Rudd sidesteps questions over Government target to cut immigration
The Home Secretary declined to say if she hoped to get net immigration below 100,000 by 2022.
Questions have been raised over the Government’s goal of cutting net annual immigration below 100,000, after Home Secretary Amber Rudd declined to confirm she was aiming to hit the target by the time of the 2022 election.
And the Home Secretary told the Commons Home Affairs Committee that the Government will not set out its plans for post-Brexit immigration until after a deal on the UK’s future relationship with the EU is reached this autumn.
Committee chair Yvette Cooper said the approach was “baffling”, and questioned whether Ms Rudd was being “honest and open” with the public.
Although immigration is expected to form part of negotiations ahead of an agreement on future relations with the EU in October, Ms Rudd confirmed that a white paper on the Government’s plans would not be published until the end of the year, with an Immigration Bill following early in 2019.
Asked for the Cabinet’s position on whether immigration should be included in the future partnership deal, she replied only: “It is for the Prime Minister to decide on that.”
Do you think you are remotely being honest and open with the public about what future immigration policy and reality will be? Yvette Cooper, questioning Home Secretary Amber Rudd
Responding to MPs’ questions on how the Home Office was spending £395 million provided by the Treasury for Brexit preparations in this financial year, Ms Rudd said a drive had been launched to recruit 1,000 border staff “to improve the quality of our border and prepare specifically for Brexit”.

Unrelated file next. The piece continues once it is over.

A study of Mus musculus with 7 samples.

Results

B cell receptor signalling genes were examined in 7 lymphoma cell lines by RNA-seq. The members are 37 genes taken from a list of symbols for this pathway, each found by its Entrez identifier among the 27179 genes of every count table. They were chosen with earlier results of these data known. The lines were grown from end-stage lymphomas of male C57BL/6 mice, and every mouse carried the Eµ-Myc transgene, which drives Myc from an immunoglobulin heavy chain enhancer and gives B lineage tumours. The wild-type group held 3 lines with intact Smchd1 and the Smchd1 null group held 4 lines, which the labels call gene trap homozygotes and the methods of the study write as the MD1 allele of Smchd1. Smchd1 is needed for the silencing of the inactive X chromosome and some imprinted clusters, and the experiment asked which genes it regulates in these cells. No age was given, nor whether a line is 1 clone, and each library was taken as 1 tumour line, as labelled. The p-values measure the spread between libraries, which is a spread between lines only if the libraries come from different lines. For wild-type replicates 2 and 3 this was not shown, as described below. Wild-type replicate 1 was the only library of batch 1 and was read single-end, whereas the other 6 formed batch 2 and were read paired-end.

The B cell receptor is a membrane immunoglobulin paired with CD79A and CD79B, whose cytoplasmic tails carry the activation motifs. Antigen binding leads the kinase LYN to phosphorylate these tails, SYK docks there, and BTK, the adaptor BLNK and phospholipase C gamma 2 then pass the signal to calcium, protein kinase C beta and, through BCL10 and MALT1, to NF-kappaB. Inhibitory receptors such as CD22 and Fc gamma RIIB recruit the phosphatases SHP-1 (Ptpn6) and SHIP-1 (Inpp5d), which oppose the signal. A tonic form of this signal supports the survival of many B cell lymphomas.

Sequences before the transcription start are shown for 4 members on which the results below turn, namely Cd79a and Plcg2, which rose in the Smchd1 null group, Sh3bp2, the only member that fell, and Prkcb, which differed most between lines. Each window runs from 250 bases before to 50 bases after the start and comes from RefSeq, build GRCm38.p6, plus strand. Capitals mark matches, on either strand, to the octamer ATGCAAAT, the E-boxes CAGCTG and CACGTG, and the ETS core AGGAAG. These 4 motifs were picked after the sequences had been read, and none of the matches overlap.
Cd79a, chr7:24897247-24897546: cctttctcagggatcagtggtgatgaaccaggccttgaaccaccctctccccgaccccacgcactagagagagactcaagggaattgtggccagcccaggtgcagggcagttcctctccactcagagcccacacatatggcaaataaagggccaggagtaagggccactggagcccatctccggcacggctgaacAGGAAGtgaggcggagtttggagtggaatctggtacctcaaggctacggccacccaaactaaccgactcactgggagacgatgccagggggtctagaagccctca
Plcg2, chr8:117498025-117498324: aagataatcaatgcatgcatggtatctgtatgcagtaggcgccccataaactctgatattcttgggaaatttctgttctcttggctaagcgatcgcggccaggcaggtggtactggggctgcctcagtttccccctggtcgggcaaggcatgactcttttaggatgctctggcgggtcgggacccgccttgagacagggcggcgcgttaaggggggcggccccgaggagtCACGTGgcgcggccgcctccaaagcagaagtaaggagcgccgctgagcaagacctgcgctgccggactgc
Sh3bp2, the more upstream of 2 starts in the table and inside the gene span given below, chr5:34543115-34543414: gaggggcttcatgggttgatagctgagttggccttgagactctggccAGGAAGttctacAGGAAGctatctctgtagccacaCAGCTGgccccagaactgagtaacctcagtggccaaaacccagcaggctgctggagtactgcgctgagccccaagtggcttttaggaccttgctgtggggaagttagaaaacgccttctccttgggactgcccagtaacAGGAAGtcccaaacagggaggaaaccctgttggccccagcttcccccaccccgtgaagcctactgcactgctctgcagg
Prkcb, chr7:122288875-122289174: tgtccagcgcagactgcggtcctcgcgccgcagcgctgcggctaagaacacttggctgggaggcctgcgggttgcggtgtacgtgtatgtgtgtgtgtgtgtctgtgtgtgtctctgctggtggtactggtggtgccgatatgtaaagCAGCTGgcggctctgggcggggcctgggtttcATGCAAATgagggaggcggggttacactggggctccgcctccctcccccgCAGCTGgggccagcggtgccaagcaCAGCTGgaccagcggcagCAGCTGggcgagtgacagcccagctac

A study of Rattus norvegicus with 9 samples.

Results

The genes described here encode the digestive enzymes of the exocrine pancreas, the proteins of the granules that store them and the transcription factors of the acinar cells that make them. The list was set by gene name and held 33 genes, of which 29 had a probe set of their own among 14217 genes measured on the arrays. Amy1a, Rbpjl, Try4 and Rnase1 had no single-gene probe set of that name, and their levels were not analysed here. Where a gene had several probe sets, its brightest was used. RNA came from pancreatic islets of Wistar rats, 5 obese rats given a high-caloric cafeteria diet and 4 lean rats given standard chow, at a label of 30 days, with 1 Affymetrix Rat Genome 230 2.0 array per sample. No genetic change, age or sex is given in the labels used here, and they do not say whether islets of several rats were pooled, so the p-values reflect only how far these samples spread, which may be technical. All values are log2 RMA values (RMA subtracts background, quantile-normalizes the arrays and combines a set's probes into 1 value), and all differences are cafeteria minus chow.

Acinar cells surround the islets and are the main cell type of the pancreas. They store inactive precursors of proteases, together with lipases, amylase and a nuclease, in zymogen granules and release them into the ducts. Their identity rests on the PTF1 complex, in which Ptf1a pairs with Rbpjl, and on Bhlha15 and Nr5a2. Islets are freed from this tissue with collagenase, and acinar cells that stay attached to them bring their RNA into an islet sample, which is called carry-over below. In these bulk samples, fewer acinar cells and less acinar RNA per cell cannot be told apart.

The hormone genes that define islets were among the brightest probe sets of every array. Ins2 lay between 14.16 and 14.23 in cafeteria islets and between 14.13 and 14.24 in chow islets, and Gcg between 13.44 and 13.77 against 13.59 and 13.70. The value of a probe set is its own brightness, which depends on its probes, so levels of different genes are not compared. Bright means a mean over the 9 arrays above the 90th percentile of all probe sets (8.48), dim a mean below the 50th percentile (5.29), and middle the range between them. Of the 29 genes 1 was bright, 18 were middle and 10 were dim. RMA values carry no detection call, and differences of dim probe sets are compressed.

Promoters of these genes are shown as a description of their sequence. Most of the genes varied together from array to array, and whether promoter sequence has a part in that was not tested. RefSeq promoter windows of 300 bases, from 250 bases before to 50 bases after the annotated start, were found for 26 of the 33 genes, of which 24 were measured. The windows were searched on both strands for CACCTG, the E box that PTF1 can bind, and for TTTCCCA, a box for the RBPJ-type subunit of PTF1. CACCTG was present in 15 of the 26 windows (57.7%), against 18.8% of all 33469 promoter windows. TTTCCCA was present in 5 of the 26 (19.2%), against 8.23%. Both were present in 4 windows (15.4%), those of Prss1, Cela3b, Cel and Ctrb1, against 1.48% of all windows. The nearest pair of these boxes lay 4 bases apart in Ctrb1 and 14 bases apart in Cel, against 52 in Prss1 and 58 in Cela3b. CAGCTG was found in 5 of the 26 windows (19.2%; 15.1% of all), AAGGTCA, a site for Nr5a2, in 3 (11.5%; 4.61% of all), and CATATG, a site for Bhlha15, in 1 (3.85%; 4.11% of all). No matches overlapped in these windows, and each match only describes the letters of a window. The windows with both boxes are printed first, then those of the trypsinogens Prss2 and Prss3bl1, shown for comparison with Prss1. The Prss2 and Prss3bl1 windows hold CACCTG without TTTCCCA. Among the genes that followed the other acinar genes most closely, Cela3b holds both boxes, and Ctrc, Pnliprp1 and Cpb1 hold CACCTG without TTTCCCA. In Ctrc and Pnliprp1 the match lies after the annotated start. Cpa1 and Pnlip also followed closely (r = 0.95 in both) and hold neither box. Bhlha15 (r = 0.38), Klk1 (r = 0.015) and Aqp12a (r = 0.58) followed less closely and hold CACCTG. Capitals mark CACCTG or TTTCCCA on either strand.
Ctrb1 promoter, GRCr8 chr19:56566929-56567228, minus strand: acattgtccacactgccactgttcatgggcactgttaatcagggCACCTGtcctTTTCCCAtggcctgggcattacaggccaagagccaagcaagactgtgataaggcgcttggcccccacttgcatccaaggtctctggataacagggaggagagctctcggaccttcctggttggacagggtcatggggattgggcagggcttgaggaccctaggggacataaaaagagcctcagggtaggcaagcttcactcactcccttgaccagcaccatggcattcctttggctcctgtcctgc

But the Home Office later said the majority of the new recruits were likely to be replacing officers who retire or change job, rather than strengthening border checks in response to the UK’s withdrawal from the EU.
Ms Cooper asked the Home Secretary to say whether she was still aiming to meet the Government’s longstanding goal – repeated in the 2017 Conservative manifesto – of reducing net migration below 100,000 by the time of the 2022 election.
Ms Rudd responded: “I am still focused on making sure that we continue to reduce net migration to sustainable level.”
The committee chair shot back: “Is that Yes or No to the target?” The Home Secretary replied: “I think I have given my answer.”
Ms Cooper said the Government’s target could be met only by transforming the current net immigration of around 100,000 EU citizens into the UK each year into a net outflow of 50,000 after Brexit, and demanded to know whether the Home Office was drawing up plans to achieve this.
But the Home Secretary responded only that the target was “challenging”, adding: “It is a concern to many people, particularly the people who voted to leave the EU, that immigration is too high, so I will be making sure that we continue to reduce it.”
Ms Cooper told her: “The problem is you have got a net migration target on one hand, you have got some unknown hidden objectives in the negotiations on the other, but none of us have any idea what they are.
“Do you think you are remotely being honest and open with the public about what future immigration policy and reality will be?”
Ms Rudd replied: “I think what the public want is to make sure they have a Government that is committed to reducing the high numbers of net migration, and they are seeing that with this Government.”